Cocoa Memory Management

It becomes evident, thanks to the mass centralisation of the neverending september effect that is stackoverflow, that despite the large number of electrons expended on documenting the retain/release/autorelease reference counting mechanism for managing memory in Cocoa, Cocoa Touch, UIKit, AppKit, Foundation, GNUstep, Cocotron and Objective-C code, very few people are reading that. My purpose in this post is not to re-state anything which has already been said. My purpose is to aggregate information I’ve found on the topic of managing memory in Cocoa, so I can quote this post in answers to questions like these.

In fact, I’ve already answered this question myself, as How does reference counting work? As mentioned in the FAQ, I actually answered the question “how do I manage object lifecycles in (Cocoa|GNUstep|Cocotron)”? It’s actually a very violently distilled discussion, so it’s definitely worth checking out the references (sorry) below.

Apple have a very good, and complete, Memory Management Programming Guide for Cocoa. They also provide a Garbage Collection Programming Guide; remember that Objective-C garbage collection is opt-in on 10.5 and above (and unavailable on iPhone OS or earlier versions of Mac OS X). GNUsteppers reading along should remember that the garbage collector available with the GNU objc runtime is entirely unlike the collector documented in Apple’s guide. GNUstep documentation contains a similar guide to memory management, as well as going into more depth about memory allocation and zones. Apple will also tell you how objects in NIBs are managed.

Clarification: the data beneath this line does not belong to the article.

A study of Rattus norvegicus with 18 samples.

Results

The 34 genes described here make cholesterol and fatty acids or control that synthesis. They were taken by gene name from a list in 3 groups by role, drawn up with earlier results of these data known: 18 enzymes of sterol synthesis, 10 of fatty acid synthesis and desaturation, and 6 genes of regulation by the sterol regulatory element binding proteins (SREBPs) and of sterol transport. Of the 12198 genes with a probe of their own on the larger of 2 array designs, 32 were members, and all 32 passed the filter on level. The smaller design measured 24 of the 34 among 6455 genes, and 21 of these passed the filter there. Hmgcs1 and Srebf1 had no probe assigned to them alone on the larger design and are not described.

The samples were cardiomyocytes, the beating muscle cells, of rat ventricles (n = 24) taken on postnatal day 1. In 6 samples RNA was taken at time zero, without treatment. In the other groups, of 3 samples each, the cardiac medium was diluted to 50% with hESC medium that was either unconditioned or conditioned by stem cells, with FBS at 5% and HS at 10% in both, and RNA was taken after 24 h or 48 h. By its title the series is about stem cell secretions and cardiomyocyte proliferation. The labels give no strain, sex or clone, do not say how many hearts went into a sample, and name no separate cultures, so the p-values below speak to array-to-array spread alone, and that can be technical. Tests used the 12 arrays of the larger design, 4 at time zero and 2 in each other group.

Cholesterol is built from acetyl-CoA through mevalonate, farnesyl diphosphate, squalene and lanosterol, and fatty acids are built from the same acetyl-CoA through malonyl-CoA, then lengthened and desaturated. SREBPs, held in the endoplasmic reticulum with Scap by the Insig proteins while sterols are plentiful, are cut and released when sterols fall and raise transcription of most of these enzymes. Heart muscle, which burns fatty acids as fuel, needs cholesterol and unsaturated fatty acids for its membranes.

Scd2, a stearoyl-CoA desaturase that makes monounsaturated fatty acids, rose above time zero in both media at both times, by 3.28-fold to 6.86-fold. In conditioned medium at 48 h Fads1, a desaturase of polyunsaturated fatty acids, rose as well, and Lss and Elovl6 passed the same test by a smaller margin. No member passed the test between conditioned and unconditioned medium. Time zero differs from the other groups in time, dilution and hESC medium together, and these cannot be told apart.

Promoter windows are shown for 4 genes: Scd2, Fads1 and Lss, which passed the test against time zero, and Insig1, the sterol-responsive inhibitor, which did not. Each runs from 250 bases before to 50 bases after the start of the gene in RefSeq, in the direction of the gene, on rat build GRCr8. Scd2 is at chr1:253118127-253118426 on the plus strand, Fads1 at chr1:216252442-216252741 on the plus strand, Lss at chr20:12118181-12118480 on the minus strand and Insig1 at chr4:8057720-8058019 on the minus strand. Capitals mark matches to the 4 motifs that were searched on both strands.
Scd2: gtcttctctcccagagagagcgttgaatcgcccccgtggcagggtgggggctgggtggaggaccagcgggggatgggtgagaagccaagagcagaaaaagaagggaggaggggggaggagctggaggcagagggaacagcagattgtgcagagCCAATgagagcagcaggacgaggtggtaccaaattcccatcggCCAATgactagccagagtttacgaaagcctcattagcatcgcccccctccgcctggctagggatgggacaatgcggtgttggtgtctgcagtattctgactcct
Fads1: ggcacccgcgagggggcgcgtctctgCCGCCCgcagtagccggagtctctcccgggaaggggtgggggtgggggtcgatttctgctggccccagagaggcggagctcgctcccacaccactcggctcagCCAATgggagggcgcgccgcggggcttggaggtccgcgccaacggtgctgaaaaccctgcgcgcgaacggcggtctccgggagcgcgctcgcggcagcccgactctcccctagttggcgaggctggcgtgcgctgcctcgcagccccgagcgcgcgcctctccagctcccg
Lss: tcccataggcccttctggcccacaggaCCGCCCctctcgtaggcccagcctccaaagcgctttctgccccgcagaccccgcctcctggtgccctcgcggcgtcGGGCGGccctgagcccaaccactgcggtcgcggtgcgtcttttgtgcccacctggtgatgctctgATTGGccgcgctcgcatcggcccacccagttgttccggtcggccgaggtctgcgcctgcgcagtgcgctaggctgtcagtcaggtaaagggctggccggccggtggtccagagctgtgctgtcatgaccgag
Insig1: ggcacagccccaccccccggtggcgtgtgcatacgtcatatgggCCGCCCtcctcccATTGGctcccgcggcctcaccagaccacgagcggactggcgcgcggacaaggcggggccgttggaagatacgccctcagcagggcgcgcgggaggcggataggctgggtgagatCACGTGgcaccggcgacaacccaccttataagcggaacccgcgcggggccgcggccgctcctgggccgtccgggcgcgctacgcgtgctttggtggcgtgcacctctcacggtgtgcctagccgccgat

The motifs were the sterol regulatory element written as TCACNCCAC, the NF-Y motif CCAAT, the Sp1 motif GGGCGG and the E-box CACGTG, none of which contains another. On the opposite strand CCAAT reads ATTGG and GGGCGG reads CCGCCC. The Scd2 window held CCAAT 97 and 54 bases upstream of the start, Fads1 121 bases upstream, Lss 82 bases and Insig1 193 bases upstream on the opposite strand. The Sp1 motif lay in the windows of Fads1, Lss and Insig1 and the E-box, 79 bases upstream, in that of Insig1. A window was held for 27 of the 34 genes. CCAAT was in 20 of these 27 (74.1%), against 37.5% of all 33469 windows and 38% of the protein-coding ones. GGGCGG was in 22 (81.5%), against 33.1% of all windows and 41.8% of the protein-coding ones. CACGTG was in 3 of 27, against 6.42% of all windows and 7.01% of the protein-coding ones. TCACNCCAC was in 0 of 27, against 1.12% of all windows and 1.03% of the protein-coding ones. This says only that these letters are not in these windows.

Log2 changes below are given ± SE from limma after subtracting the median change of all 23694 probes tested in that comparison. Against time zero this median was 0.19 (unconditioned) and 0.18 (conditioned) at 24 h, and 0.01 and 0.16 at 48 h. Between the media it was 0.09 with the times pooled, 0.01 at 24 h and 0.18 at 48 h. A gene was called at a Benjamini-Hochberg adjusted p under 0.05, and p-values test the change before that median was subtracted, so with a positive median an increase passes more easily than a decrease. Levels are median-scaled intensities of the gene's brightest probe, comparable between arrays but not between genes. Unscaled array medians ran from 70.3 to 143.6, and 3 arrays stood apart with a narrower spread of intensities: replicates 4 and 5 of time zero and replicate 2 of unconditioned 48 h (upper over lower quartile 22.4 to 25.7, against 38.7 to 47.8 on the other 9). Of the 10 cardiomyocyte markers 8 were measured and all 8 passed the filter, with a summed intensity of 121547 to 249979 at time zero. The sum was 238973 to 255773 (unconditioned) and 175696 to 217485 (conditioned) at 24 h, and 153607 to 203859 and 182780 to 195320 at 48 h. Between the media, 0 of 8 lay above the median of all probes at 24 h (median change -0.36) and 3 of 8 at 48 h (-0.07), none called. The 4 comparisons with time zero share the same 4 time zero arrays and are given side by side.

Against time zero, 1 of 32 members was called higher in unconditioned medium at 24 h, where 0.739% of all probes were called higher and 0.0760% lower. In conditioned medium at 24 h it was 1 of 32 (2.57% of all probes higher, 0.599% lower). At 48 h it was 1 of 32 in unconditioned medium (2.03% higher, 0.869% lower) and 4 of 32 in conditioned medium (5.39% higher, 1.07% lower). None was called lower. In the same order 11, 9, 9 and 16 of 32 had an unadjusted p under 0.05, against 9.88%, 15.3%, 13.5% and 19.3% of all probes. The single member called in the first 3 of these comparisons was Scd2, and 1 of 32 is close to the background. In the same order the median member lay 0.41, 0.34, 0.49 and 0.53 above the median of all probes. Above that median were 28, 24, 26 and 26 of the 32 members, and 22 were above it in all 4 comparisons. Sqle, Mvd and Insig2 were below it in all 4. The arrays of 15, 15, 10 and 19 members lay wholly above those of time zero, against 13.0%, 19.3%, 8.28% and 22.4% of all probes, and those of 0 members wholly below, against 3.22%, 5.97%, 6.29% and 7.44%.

The article which gave me my personal eureka moment was Hold Me, Use Me, Free Me by Don Yacktman. Stepwise has another article, very simple rules for memory management in Cocoa by mmalc, which is a good introduction though with one caveat. While the table of memory management methods at the top of the article are indeed accurate, they might give you the impression that keeping track of the retain count is what you’re supposed to be doing. It’s not :). What you’re supposed to be doing is balancing your own use of the methods for any given object, as described in rules 1 and 2 of “Retention Count rules” just below that table.

James Duncan Davidson’s book “Learning Cocoa with Objective-C” has not been updated in donkey’s years, but its section on memory management is quite good, especially the diagrams and the “rules of thumb” summary. Luckily, that section on memory management is the free sample on O’Reilly’s website.

If reading the theoretical stuff is all a bit too dry, the Mac Developer Network have a rather comprehensive memory management training video which is $9.99 for non-MDN members and free for paid-up members.

Finally, Chris Hanson has written a good article on interactions between Cocoa memory management and objc-exceptions; if you’re using exceptions this is a good discussion of the caveats you might meet.

This entry was posted in cocoa, FAQ, gnustep, iPhone, leopard, memory, nextstep, objc, openstep. Bookmark the permalink.

3 Responses to Cocoa Memory Management

  1. Anonymous says:

    Great post. Thanks!

  2. Anonymous says:

    Links r dead

  3. Graham Lee says:

    Yup, stepwise was taken down a couple of months back. You can probably find the "Hold me, use me, free me" reference on the Wayback machine.